If you are disabled, you will likely want to receive your SSDI benefits sooner rather than later. If you do not receive your benefits promptly, you may find it more difficult to pay for your medical expenses and other bills that you would normally pay with your wages. To avoid delays in your SSDI benefits, you'll want to speak with your SSDI attorney about what options are available.
Depending on the condition you suffer from, you might be entitled to a compassionate allowance. This will allow you to speed up your benefits if you are suffering from a particular condition such as:
- A neurodegenerative disease
- A genetic condition
- An immune system disorder
There are other conditions that can allow for a compassionate allowance such as if you are in danger of becoming homeless, if you have an infant that is at stake, if your condition is considered terminal, if you suffered the disability while on duty as a veteran, or if you are suffering from a serious physical or mental disability.
The Social Security Administration (SSA) uses a computer to automatically detect those who are eligible. However, the computer might not identify you and you may need to fill out an application. If this is the case, you will want to speak with an SSDI attorney who can assist you in filling out your application.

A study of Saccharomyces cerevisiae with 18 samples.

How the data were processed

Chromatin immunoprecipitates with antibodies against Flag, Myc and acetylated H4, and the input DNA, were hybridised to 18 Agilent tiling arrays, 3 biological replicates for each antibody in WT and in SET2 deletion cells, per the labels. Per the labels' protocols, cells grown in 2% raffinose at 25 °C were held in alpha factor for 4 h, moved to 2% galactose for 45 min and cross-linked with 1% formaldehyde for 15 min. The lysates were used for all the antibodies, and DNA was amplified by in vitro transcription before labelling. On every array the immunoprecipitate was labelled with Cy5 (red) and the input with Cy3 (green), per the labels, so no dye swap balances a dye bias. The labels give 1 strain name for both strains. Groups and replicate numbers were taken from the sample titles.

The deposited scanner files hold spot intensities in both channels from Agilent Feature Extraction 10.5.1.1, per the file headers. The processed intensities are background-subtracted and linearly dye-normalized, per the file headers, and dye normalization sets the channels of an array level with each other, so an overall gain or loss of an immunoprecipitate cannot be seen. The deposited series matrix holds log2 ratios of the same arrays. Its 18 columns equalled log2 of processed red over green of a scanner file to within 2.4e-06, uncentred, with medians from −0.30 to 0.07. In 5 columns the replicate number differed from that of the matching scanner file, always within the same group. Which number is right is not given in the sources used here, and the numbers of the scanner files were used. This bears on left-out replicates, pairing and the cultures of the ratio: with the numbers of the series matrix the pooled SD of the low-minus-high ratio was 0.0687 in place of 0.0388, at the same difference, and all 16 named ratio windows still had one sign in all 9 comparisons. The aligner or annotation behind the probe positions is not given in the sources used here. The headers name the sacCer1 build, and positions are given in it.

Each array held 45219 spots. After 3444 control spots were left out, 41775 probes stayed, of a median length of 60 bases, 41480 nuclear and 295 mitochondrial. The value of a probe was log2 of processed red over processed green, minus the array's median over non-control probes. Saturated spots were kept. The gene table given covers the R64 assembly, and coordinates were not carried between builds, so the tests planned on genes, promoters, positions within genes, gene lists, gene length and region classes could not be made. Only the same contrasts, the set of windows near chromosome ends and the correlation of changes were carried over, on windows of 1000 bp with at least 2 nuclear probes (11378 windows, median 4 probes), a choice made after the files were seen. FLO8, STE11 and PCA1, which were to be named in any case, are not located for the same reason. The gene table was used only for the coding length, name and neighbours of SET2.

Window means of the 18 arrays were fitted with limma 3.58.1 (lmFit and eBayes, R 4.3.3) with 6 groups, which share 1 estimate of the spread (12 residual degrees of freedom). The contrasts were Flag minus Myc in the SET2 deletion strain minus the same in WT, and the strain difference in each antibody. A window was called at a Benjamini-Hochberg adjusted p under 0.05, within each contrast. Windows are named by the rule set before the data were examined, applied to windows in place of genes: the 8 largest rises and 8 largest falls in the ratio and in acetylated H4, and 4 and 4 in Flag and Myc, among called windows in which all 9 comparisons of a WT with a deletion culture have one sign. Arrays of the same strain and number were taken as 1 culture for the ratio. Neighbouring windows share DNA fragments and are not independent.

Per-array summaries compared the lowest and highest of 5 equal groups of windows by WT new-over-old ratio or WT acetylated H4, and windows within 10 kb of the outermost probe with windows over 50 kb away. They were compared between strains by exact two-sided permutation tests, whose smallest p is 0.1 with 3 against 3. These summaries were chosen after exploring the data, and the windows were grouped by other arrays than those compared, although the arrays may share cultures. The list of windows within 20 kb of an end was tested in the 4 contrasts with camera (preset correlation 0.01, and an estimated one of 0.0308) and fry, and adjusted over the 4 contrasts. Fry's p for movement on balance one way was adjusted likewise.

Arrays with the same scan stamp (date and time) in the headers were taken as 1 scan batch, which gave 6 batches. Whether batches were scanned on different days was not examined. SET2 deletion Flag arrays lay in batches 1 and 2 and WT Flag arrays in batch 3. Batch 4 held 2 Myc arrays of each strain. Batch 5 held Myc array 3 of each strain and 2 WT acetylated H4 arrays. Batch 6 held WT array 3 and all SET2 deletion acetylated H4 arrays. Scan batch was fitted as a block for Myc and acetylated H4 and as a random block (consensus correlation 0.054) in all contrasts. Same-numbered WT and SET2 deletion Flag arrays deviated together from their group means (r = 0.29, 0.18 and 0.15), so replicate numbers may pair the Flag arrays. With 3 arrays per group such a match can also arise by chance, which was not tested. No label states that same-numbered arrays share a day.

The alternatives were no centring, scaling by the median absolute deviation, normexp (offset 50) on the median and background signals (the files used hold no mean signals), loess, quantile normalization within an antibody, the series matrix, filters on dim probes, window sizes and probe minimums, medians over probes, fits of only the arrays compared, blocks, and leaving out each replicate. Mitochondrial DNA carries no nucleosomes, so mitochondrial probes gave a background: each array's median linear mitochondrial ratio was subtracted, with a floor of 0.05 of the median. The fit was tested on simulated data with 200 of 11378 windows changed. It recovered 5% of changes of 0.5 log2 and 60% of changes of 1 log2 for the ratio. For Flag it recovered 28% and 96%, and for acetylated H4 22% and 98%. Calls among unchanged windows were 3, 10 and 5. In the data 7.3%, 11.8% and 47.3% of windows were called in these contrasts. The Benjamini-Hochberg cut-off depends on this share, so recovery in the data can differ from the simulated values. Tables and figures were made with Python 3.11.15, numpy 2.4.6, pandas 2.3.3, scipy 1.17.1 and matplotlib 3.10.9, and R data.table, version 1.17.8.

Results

Normally, you will receive payments in a few months. However, in some cases, you may be able to qualify for presumptive disability payments. Then, you will receive payments even if you have not yet been approved. However, if you are not approved later, you may be required to pay back the SSA.
The program for fast-tracking your SSDI benefits comes with complex rules. Therefore, you will want to speak with an SSDI attorney about how you can protect your rights and explain to you how the claims process works.
If you do not understand how the claims process works, consider hiring a Social Security Disability lawyer. The attorney will not bill you until you receive your benefits. Once you receive your benefits, the attorney will be there to help you if you feel that your condition has improved and are wondering if you will still be entitled to them. Even if you suffer from a serious disability, there might be a chance that you will recover and whether or not you will still be entitled to benefits is complicated.